Peer reviewers confirm EPA has failed to show Pigment Violet 29 doesn’t present unreasonable risk

Richard Denison, Ph.D., is a Lead Senior Scientist.

Late on Friday, EPA quietly posted the final peer review report of the Scientific Advisory Committee on Chemicals (SACC) for pigment violet 29, the first chemical for which EPA issued a draft risk evaluation under the Toxic Substances Control Act (TSCA) as amended in 2016.

No wonder EPA posted it late Friday with no announcement.  The peer reviewers’ report confirms what EDF and others have been saying since release of the draft:  EPA has fallen far short of supporting its sweeping conclusion that the chemical does not present unreasonable risk, including to vulnerable subpopulations.  The report also faults EPA’s use of systematic review, and reiterates that EPA needs to submit its method to the National Academy of Sciences for review. 

While heavy in scientist-speak in places, the report leaves no doubt about its overall conclusion.  On page 19, it states:

The Committee members were in general agreement that the information presented to support the conclusions outlined in the draft risk characterization was not sufficiently robust for this purpose.

The Committee reiterated the data deficiencies that weaken these conclusions, including: 1) inconsistencies in the available physical-chemical properties data and/or lack of high-quality solubility studies in water and octanol, or equivalent tools needed to produce estimates of solubility with sufficiently high confidence to justify their use in establishing exposure potential, 2) lack of details on workplace air monitoring necessary to establishing workplace exposure estimates with confidence, 3) lack of confidence in the readily available animal data’s ability to establish with confidence that PV29 has low hazard via inhalation or dermal pathways, 4) poor justification of uncertainties used and no justification for not using a sub-chronic-to-chronic uncertainty factor, and 5) incomplete descriptions of the level of uncertainty in published information, assumptions used, and the impact of these uncertainties on conclusions.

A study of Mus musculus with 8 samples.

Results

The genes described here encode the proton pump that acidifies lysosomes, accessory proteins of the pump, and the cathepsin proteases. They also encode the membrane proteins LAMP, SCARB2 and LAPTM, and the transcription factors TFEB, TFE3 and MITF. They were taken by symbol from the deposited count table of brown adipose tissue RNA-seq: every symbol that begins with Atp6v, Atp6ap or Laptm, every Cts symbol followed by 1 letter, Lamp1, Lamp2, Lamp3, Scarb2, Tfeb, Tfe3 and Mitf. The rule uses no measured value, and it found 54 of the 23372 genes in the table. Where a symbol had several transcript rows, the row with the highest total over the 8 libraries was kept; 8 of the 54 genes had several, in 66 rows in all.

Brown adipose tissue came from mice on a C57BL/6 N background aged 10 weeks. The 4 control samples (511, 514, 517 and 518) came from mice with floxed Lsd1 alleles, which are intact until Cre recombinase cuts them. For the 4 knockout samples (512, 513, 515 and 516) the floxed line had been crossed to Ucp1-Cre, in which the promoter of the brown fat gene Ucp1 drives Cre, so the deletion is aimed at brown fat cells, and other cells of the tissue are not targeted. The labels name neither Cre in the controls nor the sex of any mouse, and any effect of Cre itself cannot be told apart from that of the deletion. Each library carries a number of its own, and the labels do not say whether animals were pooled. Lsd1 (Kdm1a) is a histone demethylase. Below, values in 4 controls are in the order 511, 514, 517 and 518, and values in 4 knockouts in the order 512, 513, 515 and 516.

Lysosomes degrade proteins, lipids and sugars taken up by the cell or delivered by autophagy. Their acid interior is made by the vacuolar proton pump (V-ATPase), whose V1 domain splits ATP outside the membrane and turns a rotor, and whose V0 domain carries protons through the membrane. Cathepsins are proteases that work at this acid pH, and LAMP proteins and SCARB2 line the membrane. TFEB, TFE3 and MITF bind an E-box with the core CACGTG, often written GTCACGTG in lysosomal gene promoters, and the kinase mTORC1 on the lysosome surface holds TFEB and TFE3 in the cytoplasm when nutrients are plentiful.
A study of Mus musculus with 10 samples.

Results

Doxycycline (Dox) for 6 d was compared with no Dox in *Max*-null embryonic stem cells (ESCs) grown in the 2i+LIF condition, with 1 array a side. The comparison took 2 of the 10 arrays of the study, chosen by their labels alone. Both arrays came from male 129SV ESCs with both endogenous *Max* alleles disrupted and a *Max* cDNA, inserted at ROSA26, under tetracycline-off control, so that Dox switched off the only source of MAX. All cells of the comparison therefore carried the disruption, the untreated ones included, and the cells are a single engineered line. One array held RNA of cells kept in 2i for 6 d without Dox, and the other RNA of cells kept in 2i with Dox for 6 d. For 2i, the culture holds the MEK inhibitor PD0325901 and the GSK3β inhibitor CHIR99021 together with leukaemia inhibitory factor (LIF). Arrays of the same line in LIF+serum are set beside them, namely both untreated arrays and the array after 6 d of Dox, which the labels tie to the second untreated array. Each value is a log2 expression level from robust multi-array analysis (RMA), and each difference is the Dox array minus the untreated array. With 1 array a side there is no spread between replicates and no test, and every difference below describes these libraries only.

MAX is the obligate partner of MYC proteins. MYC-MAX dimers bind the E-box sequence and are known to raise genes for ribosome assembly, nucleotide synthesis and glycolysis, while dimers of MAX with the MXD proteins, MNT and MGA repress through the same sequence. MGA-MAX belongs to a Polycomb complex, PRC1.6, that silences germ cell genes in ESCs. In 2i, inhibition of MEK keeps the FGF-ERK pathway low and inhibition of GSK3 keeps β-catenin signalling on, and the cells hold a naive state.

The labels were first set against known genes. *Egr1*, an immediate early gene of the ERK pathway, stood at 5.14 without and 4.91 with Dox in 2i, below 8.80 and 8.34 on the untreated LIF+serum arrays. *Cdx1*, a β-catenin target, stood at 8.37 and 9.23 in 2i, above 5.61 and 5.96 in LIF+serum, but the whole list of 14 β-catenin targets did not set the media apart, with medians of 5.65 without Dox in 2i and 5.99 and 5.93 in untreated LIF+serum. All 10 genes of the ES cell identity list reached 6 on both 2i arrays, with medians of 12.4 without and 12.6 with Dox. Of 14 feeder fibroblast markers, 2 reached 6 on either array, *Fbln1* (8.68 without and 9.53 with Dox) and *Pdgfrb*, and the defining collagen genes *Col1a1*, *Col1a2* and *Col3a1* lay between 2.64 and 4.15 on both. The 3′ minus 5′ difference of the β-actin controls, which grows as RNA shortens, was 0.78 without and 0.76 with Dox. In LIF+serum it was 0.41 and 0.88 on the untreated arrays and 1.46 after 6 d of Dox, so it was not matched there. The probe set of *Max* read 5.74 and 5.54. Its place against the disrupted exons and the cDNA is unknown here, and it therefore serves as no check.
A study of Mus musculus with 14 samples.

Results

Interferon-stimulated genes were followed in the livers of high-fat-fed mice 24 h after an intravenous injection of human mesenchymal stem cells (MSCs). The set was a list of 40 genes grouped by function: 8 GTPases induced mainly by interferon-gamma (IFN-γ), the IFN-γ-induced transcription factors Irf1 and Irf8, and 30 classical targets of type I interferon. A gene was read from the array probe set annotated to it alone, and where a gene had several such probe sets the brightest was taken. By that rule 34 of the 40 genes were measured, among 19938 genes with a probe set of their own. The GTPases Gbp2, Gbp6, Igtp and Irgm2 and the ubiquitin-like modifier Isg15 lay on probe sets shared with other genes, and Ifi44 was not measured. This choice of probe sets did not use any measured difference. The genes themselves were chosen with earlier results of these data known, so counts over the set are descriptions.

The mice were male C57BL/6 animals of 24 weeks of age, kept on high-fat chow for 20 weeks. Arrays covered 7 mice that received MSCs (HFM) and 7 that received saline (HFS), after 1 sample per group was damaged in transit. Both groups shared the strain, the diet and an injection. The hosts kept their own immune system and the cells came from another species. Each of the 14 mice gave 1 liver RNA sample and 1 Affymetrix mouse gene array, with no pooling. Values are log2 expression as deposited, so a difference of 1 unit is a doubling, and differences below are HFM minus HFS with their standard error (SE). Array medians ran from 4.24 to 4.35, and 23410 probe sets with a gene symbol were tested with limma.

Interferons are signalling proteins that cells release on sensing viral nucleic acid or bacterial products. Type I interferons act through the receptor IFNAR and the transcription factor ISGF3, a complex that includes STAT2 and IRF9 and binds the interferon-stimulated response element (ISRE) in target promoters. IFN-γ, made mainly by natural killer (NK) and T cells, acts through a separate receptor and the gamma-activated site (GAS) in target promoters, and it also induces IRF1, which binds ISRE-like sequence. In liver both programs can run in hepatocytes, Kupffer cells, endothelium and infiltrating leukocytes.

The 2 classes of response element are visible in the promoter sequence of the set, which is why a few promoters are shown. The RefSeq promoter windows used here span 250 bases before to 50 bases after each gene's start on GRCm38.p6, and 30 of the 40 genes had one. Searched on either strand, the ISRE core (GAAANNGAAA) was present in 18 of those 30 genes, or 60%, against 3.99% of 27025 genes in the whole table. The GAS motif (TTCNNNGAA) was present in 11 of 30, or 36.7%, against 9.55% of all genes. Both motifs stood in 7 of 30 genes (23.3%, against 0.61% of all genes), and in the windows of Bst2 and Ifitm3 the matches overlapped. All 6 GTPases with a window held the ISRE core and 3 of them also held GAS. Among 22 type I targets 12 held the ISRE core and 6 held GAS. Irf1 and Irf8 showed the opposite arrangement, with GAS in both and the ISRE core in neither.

Over and over again, the Committee urged EPA to obtain more data on physical-chemical properties (including water solubility), releases, exposures and hazards.  Among other things, the Committee stated “Given that no acceptable inhalation toxicity studies are available for PV29, the Committee recommended a properly designed inhalation study” (p. 19).

With respect to vulnerable subpopulations, the Committee criticized EPA for not “acknowledging in the Evaluation that there are no specific data supporting the determination of hazards or exposures to children or other susceptible populations to support weight of evidence conclusions regarding risk to these susceptible subpopulations” (p. 18).

Similarly, with respect to worker exposures, the Committee noted that EPA had not “clearly acknowledge[d] that there are few data to support a confident conclusion that workers would not be exposed, and therefore, not experience human health hazards via dermal or inhalation routes” (p. 18).

With respect to environmental exposures, the Committee “considered EPA’s characterization of Environmental Releases and Exposures (Section 3.2-3.4) as cursory and dependent upon sweeping generalizations that are often unsubstantiated” (p. 16).   Similarly, with respect to occupational exposures, environmental release characteristics, potentially exposed and susceptible subpopulations, and any conclusions regarding aggregate exposure, the Committee requested that EPA “refrain from making sweeping generalizations especially when based on limited and/or uncertain information regarding physical chemical properties or toxicological testing” (p. 16)

As to EPA’s systematic review, the Committee “encouraged the EPA to proceed with its plan to have the National Academy of Sciences (NAS) conduct a peer review of the TSCA SR protocol as soon as practical” (p. 14).  Despite a commitment by EPA Administrator Andrew Wheeler in early January that EPA would “promptly” initiate the NAS review, EPA has failed to do so.

The Committee pointed to numerous deficiencies in EPA’s systematic review; among other things, it called out that “[d]ata quality criteria are needed to assess the quality of information provided via personal communications and other channels” (p. 14).


This entry was posted in Health policy, Health science, Regulation, TSCA reform and tagged , , . Bookmark the permalink. Both comments and trackbacks are currently closed.